By: Mathuja Jeyakumar
It was a wintry night on the 25th, as I had arrived to the venue to a somewhat full crowd of high schoolers dressed in trendy, baggy clothes: lots of the typical Adidas and Kappa trademarks. A few kids were secretly vaping in the crowd as security would enter the crowd and tell them off. Rap music, comprising the likes of XXXTentacion, Asap Ferg, and Nav played in the background of a dark, warm venue, overcast with pink and purple lights. The concert started an hour late, as a rapper came to stage dressed in a red track suit. He wasn’t listed as one of the openers, but nonetheless played two songs. He was young, about seventeen, and was a mediocre rapper who lacked stage presence. His voice without volume or natural rhythm; a requirement for all rappers. He rapped an emotional song about his friend who had gotten hurt in a car crash, asking the willing crowd to turn on their phone’s flashlight and wave it in the air. Following him were the listed openers of Pilla B and Thutmose, who were able to bring the vibe back to actual rap and beat, as their rapping had a natural flow.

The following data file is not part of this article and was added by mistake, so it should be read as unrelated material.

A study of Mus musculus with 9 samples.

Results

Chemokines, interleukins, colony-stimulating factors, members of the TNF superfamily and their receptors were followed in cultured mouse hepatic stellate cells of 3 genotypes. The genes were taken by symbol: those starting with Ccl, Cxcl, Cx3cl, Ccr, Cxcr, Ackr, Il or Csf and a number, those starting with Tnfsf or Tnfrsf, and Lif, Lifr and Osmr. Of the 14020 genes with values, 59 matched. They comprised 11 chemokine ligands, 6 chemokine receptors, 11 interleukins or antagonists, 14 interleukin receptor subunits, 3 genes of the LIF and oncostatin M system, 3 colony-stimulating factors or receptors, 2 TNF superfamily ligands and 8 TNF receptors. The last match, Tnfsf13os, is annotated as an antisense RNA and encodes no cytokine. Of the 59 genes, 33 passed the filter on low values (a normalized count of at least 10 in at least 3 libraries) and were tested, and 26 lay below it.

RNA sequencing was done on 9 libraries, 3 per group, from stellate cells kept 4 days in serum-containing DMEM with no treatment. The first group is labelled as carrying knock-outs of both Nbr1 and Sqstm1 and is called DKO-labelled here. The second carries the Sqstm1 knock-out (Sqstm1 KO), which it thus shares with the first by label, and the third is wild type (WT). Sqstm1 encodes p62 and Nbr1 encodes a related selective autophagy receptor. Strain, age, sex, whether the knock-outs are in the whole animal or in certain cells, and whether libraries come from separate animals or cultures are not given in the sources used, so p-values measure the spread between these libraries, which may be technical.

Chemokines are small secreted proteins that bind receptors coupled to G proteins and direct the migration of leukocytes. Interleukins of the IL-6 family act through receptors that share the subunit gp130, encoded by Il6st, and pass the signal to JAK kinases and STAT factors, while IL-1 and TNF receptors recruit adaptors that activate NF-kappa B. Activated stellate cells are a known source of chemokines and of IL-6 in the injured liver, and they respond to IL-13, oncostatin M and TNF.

MadeinTYO emerged at 10 pm. However, before he came to perform, the first rapper who was unlisted, would frequent the stage, telling the crowd to get ‘lit’ and ‘hype,’ preparing the crowd for TYO. As he waited for the crowd to be in the right mood, chart-toppers from Travis Scott to Drake continued to blare. Even as MadeinTYO came on stage, he would reiterate that those who didn’t have their hands up, or ‘weren’t getting lit enough’, should leave, twice or thrice throughout the concert. But I guess his demands were fair. When it comes to live shows, anyone who isn’t with it – kill the vibe. When MadeinTYO initially burst on to the stage he surprised me with his small stature, but his music seemed to make up for it. The performance was characterized by TYO screaming over a low bass and him jumping across the stage. He played his most famous tracks including “Uber Everywhere,” and his newest singles, “Chuckie Cheese,” “Ned Flanders,” and “Moshi Moshi.”
For the longest time I thought MadeinTYO was a Toronto based rapper, but in actuality he was born in Honolulu, Hawaii and grew up in Atlanta. Toronto has a great rap scene similar to Atlanta, and he collaborates often with artists from this region. But to me the best part of the concert was when surprise guest Roy Woods emerged on stage, singing his classic “Worth It,” followed by “Instinct.” The crowd roared as Woods came on, and he brought a different R&B vibe in contrast to TYO’s thrashing beats.
Overall, MadeinTYO’s music made for a convincing set. The crowd certainly loved it. By the end, most of the teens were bouncing up and down, screaming the lyrics along with TYO. With lights blaring and MadeinTyo’s shout-rapping, I was able to get into the atmosphere as well.